July 29, 2008

Federal Funding Helps Tennessee Parks Improve Services

By Morgan Simmons, The Knoxville News Sentinel, Tenn.

Jul. 28--Visitors to the Big South Fork National River and Recreation Area will notice improved services throughout the park this summer thanks to a federal funding increase.

The additional funding is part of President Bush's Centennial Initiative, which calls for $1 billion during the next 10 years to help parks prepare for the National Park Service's 100th anniversary in 2016.

This year, in addition to its $4.2 million base budget, the Big South Fork received $229,000 as a result of the Centennial Initiative.

The money has enabled the park to hire additional lifeguards this summer for its swimming pool, which translates into longer pool hours each day.

The Visitors Center at Bandy Creek is open until 6 p.m. each day instead of closing at 4, and the park has been able to hire an additional seasonal law enforcement ranger.

For the first time, the regional Welcome Center in nearby Helenwood, Tenn., is open on weekends.

Some members of the trail crew will be hired on longer thanks to the funding. The Big South Fork covers 125,000 acres and includes about 300 miles of trails -- 140 miles for hiking and about 160 miles of multiple-use trails open to horseback riding, hiking and mountain biking.

The funding also has enabled the park to hire a visitor assistance specialist for Bandy Creek Campground.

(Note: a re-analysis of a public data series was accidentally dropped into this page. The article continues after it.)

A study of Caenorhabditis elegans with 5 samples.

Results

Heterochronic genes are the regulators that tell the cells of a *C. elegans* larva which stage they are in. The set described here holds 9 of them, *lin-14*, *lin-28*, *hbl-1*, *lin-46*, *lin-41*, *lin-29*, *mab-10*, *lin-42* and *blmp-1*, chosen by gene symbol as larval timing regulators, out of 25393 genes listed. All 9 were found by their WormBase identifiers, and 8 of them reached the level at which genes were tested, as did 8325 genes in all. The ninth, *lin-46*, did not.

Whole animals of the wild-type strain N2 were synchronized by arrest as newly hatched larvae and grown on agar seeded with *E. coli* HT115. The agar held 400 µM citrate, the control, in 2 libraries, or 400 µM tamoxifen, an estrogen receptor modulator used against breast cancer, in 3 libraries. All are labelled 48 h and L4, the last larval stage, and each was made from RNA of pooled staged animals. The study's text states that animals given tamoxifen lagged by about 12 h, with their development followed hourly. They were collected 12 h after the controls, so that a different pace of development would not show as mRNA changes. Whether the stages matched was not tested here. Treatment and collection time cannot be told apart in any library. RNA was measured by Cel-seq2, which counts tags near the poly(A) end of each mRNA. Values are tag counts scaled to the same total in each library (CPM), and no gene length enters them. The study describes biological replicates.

In all, the Centennial Initiative funding has paid for 18 new positions, plus additional hours for seasonal staff.

The project actually breaks down into two components: the Centennial Initiative, which funds basic park operations, and the Centennial Challenge, which calls for $100 million per year to be made available to parks to be used to generate matching funds from private sources.

Located on the Cumberland Plateau in Tennessee and Kentucky, the Big South Fork National River and Recreation Area has been averaging about 650,000 visitors a year for the last several years.

Unlike most National Park Service units, the Big South Fork permits hunting and accommodates mountain bikers along with horseback riders and hikers.

The area protects 70 miles of the Big South Fork of the Cumberland River, along with its tributaries.

The Great Smoky Mountains National Park received $1.5 million this year as part of the Centennial Initiative. The park also has identified 13 projects totaling $4.3 million that would be eligible for matching public-private funding under the Centennial Challenge.

Another area national park that has benefited from the Centennial Initiative is Cumberland Gap National Historical Park, which covers almost 22,000 acres and receives about 1 million visitors each year.

Cumberland Gap's share of the Centennial Initiative this year was $13,000. Park superintendent Mark Woods said the money has paid for three seasonal employees who assist with interpretive programs and conduct tours of Gap (Cudjo) Cave and Hensley Settlement.

"It's making a difference with our programming for the summer, particularly with a variety of educational programs with schools," Woods said.